October 17, 2014

So, the cast for the relaunched Uncanny Avengers has been revealed. I’ll talk about it in my next pull list post. For today, by John Byrne, “Blind Date.”

Blind Date

Oh, goody. A Marrina issue. Wonderful.

Doug Thompson is in his small home in the Northwest Territories, and Anne McKenzie comes to see him. He has a lot of questions, and she feels he deserves answers, which was the only reason she visited. She reveals herself as Snowbird, and gives a quick version of her story. He tells her he loves her.

Later, in Toronto. She goes into the lake to find the creature killing people, and is worried about it being one of her race. We get some captions about how big Lake Ontario is, including a list of 8 states that are less than a fifth its size. She senses a loneliness, and realizes she feels the same, and wants to know what it means. As she swims down a narrow tunnel, she gets wedged between some rocks, and then pulls herself free. She finally emerges into a cavern. She still feels herself being pulled forward.

Out in BC, Aurora is still recovering from Jeanne-Marie’s assault that morning. She looks in another mirror, and sees only herself. But she can still feel Jeanne-Marie trying to get out. Aurora decides to combat her by cutting her hair.

Back in Toronto, Puck is worried about Marrina. She comes out of the water, looking a bit crazed. She attacks him, and he fights defensively, despite his specialty being offence. He pulls off his jacket and does a matador act with her. Then Namor shows up. And, of course, he completely misunderstands the situation and decks Puck.

Out west, Elizabeth arrives on the Sarcee reservation outside Calgary. She walks into Shaman’s medical office. He’s glad to see her, but she tells him to back off, and it’s a business call.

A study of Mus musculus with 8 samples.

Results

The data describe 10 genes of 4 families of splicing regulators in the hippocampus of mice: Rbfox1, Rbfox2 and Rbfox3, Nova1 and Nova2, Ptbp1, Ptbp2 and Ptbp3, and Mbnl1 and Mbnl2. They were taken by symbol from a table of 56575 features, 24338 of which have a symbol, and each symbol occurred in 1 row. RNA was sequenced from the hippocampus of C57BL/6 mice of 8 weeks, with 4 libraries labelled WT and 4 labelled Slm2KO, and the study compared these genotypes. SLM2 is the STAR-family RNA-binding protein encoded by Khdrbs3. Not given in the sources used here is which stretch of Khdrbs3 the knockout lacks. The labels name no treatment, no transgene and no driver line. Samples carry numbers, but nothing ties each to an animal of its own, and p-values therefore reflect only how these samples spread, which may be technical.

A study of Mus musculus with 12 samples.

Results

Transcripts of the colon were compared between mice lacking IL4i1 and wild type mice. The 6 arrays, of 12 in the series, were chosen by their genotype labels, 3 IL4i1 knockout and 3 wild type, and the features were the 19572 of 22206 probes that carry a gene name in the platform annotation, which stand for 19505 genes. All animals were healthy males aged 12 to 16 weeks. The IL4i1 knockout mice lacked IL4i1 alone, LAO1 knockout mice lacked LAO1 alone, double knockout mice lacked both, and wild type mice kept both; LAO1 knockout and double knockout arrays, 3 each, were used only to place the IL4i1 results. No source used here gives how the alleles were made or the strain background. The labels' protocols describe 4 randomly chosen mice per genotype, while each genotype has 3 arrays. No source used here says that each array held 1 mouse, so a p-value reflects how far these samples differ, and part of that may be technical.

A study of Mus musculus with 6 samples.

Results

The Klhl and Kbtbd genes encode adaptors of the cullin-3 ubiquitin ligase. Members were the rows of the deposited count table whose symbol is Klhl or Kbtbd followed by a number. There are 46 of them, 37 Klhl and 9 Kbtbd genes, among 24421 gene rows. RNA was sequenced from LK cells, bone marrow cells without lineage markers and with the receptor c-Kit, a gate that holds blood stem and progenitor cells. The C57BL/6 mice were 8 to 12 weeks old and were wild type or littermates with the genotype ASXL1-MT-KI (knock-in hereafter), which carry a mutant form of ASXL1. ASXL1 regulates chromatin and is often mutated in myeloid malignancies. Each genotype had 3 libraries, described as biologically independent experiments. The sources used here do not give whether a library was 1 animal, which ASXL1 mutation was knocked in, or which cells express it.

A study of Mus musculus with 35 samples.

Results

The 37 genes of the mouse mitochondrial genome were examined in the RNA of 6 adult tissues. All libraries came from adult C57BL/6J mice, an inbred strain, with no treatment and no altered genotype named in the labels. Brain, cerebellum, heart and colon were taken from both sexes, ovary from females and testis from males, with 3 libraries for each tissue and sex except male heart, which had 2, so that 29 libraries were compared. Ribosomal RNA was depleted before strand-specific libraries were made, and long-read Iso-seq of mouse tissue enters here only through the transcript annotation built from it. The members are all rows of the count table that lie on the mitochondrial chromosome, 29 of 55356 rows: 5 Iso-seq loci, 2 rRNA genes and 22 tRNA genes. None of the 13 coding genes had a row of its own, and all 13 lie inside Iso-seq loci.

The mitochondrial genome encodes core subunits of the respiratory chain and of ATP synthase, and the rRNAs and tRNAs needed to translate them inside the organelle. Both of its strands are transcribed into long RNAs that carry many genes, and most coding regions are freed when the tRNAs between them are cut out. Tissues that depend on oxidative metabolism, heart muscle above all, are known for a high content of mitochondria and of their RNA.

Back to Toronto, some guy is watching Namor and Marrina fight. It’s the Master! He seems to think Namor’s race will have to die. He also knocks out Puck. Marrina slashes at Namor’s eyes. Then the Master knocks him out.

I want to mention one of the letters, talking about #10. Specifically, it mentioned the US importing Canada’s resources, including people. He says that LA is the seventh largest Canadian city, based on all the Canadians living there. I found that really funny. I sometimes joke that Canada’s plan is to conquer the US through the entertainment industry.

Anyway, this issue. It was good. Very good. We get a couple of subplots advanced, and the main plot is pretty good. Marrina, despite being the focus of the plot, doesn’t actually get much to do, which was always the biggest problem with the character. She was never allowed to develop a real personality, because she was always going crazy. When she wasn’t crazy, she was just “Namor’s girlfriend.” She’d go from “murderously crazy” to “loves Namor” and back again, and that was all. She wasn’t a compelling character. And she never had any real agency. She didn’t explore the tunnel and cavern because she chose to, but because she felt something drawing her there. This was the same reason she went to the Arctic in the first arc.

Puck, despite also getting little to do, winds up being much more interesting. We find out he knew Ernest Hemingway, and that Hemingway convinced Puck to train as a bullfighter. While I detest bullfighting, and find it a barbaric and disgusting sport, and I think it should be outlawed and that Spain should be ashamed of letting it stay as long as it has . . . despite all that, I do find Puck’s background in it adds a neat layer to him. He would’ve been doing it in a different time, before the idea of “animal cruelty” existed.

Byrne’s art – do I need to comment on it? It’s John Byrne. If you don’t like Byrne’s art, I don’t know how to help you. There would have to be something wrong with you. It’s always excellent. Great expressions, great action, great everything.

This issue’s very good.

Song of the day: Gosh, Darn, Damn by Rebekah Higgs.